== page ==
Posted on April 17, 2020 in Firm News

Many businesses have had to temporarily shut down due to the coronavirus pandemic. In fact, about one-quarter of small businesses in the U.S. have already shut down. Another 40% expect to temporarily close within the next several weeks.

Temporarily closing can financially devastate a business. If your business has been affected by the coronavirus pandemic, it’s important to determine if you have business interruption insurance.

Business interruption insurance coverage replaces income that a business has lost as a result of certain events. If your business has suffered, here’s what you need to know before filing a business interruption insurance claim:

Physical Loss or Damage Requirement

There’s no doubt that the coronavirus pandemic has interrupted businesses across the country. So you would think that business interruption insurance would cover these losses. Most business interruption insurance policies cover lost business income directly caused by physical loss or damage to the property. The insurance industry is heavily fighting whether shutting down due to coronavirus counts as physical loss or damage.

An attorney may be able to argue that “physical loss or damage” can be interpreted to mean anything that makes a property unfit for occupancy. Therefore, any business that has been shut down due to the coronavirus pandemic should be covered under these policies. Or, if there were known cases of coronavirus at a business, an attorney could make the case that this is physical loss or damage since the property could have been, and likely was, contaminated.

Civil Authority Coverage

Most business interruption policies also contain Civil Authority coverage. This is coverage that applies when a civil authority prohibits access to the area immediately surrounding your business in response to a dangerous physical condition in the area. For example, after a natural disaster like a hurricane or wildfire, businesses in those areas get shut down because of the danger in the area, not necessarily because the businesses have been damaged.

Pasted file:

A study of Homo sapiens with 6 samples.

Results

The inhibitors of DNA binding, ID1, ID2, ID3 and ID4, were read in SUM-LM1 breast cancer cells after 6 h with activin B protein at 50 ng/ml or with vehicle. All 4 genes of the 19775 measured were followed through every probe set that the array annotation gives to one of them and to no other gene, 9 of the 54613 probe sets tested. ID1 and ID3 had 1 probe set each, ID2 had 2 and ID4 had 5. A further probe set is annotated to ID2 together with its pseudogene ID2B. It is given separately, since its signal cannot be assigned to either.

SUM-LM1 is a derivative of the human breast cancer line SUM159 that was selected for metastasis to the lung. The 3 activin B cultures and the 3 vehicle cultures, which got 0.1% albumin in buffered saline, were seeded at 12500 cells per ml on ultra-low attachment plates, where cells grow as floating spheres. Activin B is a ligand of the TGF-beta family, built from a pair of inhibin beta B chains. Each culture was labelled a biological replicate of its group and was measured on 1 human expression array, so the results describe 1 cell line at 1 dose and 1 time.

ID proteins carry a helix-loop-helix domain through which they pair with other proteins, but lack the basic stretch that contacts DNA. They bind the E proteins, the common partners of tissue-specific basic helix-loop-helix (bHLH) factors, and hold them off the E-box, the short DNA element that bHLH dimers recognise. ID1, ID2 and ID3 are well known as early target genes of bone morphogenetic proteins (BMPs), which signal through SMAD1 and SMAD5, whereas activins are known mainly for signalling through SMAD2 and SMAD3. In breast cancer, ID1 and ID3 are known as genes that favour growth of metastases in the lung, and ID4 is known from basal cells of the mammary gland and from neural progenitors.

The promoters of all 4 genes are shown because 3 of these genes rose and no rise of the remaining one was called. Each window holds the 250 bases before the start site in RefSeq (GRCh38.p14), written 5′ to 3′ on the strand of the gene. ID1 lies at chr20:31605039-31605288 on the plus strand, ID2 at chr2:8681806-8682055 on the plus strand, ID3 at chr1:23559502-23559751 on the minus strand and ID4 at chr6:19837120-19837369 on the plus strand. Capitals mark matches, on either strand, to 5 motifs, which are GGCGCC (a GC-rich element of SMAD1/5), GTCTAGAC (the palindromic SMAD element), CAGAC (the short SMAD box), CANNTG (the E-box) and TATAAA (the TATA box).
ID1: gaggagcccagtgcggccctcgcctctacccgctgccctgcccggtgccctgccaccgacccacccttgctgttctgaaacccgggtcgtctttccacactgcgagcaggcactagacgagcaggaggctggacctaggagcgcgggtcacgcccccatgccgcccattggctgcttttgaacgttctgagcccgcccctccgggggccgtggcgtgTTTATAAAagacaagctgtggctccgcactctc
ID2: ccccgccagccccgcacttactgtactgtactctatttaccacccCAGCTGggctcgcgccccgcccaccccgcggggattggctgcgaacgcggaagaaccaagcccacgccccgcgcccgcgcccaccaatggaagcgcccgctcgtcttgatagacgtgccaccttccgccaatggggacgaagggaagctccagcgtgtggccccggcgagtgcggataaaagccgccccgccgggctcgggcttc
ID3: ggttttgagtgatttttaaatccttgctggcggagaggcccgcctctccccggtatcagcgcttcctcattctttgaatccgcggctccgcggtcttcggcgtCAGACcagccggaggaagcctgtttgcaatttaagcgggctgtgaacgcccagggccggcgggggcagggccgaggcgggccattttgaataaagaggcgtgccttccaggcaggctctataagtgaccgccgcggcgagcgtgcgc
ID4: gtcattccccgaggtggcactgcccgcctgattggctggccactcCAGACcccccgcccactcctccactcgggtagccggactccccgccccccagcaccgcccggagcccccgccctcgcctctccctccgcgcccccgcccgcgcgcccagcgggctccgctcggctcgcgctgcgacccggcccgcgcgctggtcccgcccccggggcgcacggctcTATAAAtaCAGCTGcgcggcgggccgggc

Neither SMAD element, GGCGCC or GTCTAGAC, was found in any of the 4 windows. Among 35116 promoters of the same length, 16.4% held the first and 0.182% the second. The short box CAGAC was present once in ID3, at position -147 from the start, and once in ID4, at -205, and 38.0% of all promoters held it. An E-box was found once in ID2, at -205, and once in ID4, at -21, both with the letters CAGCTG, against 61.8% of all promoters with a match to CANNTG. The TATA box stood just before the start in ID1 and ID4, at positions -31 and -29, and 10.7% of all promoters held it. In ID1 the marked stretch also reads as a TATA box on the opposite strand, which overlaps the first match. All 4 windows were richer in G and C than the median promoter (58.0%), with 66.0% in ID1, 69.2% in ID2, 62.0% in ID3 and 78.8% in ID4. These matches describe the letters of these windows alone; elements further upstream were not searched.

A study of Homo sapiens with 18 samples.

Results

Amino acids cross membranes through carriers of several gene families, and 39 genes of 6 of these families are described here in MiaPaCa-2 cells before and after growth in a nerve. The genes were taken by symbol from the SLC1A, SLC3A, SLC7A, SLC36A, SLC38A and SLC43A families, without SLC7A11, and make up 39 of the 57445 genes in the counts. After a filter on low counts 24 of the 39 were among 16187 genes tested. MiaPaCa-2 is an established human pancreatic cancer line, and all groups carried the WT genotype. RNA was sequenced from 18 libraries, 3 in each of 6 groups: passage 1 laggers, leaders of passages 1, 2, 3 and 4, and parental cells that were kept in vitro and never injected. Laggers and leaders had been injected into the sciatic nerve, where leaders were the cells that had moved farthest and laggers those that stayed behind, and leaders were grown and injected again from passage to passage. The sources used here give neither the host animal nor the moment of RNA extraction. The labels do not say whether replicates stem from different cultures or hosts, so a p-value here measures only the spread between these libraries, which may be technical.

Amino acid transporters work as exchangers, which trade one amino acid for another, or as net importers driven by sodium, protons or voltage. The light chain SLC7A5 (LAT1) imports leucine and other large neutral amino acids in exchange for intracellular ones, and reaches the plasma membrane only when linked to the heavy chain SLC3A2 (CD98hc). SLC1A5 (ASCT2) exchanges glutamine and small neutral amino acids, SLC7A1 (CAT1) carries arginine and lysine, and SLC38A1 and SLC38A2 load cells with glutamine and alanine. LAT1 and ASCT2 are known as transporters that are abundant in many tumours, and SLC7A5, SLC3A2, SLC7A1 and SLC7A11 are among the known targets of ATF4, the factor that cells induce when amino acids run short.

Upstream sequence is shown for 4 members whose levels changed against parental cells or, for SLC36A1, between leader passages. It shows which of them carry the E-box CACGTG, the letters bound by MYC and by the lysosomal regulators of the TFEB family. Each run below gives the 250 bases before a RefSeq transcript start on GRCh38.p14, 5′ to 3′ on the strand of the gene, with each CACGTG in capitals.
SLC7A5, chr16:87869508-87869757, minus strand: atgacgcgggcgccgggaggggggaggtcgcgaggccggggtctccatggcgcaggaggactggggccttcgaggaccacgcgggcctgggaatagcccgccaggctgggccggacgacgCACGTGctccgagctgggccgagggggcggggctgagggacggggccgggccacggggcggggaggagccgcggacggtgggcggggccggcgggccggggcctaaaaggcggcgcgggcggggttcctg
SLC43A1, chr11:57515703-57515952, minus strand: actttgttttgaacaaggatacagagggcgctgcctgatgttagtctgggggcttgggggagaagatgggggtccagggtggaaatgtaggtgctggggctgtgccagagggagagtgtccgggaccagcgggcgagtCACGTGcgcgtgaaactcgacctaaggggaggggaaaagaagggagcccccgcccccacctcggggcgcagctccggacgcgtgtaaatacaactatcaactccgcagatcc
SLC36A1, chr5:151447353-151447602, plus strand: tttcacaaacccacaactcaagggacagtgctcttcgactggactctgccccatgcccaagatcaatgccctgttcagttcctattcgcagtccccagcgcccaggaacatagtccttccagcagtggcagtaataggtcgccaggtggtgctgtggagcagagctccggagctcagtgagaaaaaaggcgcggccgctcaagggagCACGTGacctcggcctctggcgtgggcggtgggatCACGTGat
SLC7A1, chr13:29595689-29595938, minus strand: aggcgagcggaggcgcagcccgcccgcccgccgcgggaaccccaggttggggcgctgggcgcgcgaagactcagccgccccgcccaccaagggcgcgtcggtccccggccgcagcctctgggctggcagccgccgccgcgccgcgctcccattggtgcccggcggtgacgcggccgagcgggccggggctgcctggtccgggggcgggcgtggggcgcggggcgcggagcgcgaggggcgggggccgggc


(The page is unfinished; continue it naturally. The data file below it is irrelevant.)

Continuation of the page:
Insurance companies have argued that civil authority provisions do not cover businesses that have been forced to shut down under stay-home orders because business were shut down for social-distancing, not in response to a dangerous condition. However, governments across the country have said that shutting down non-essential businesses is necessary to protect against property loss and damage. An argument can be made that civil authority coverage should apply.

Read the Fine Print

Insurance policies are contracts. Take the time to read the fine print on your business interruption insurance coverage—though fair warning, these policies can be pretty confusing and have many nuances to them.

After the SARS virus outbreak in 2003, many insurers added virus exclusions to business interruption insurance policies that specifically excluded coverage for lost income caused by viral or bacterial diseases. This fine print may prevent business owners from recovering compensation for their coronavirus losses. However, not all policies have virus exclusions, and even if they do, the exclusions may not be ironclad.

Claims Are Being Denied Across the Country

There have already been countless reports of denied business interruption insurance claims from around the country. These stories of denied claims are making headlines as outraged business owners demand to know why their policies don’t cover this global crisis. Some business owners who have been denied have responded by filing lawsuits against their insurance providers. If these lawsuits are successful, they could open the door for other business owners to successfully obtain compensation under their business interruption insurance policy.

Lawmakers Are Taking Action

Lawmakers in some states, including Ohio, New Jersey, and Massachusetts, are already taking action to protect business owners. For example, in Ohio, lawmakers introduced legislation that would nullify the “viral and bacterial disease” exclusion from business interruption insurance policies. If this law is passed, business owners in that state may be able to recover lost business income under their business interruption insurance policy.

Lawmakers in Congress have also taken notice of this issue, and even the President has chimed in and told insurers they should pay claims that are covered.

There Is Still Hope

It may seem like there’s little hope for businesses owners during these times. Having a business interruption claim denied by an insurance company certainly does not help. Indeed, the insurance industry is putting out a lot of literature discouraging business owners from even making claims. But, depending on your insurance policy language, it may be possible to prove that the “physical loss or damage” requirement has been met as a result of the coronavirus. Business owners should not be discouraged from making claims and fighting for their rights if the policy covers their claim.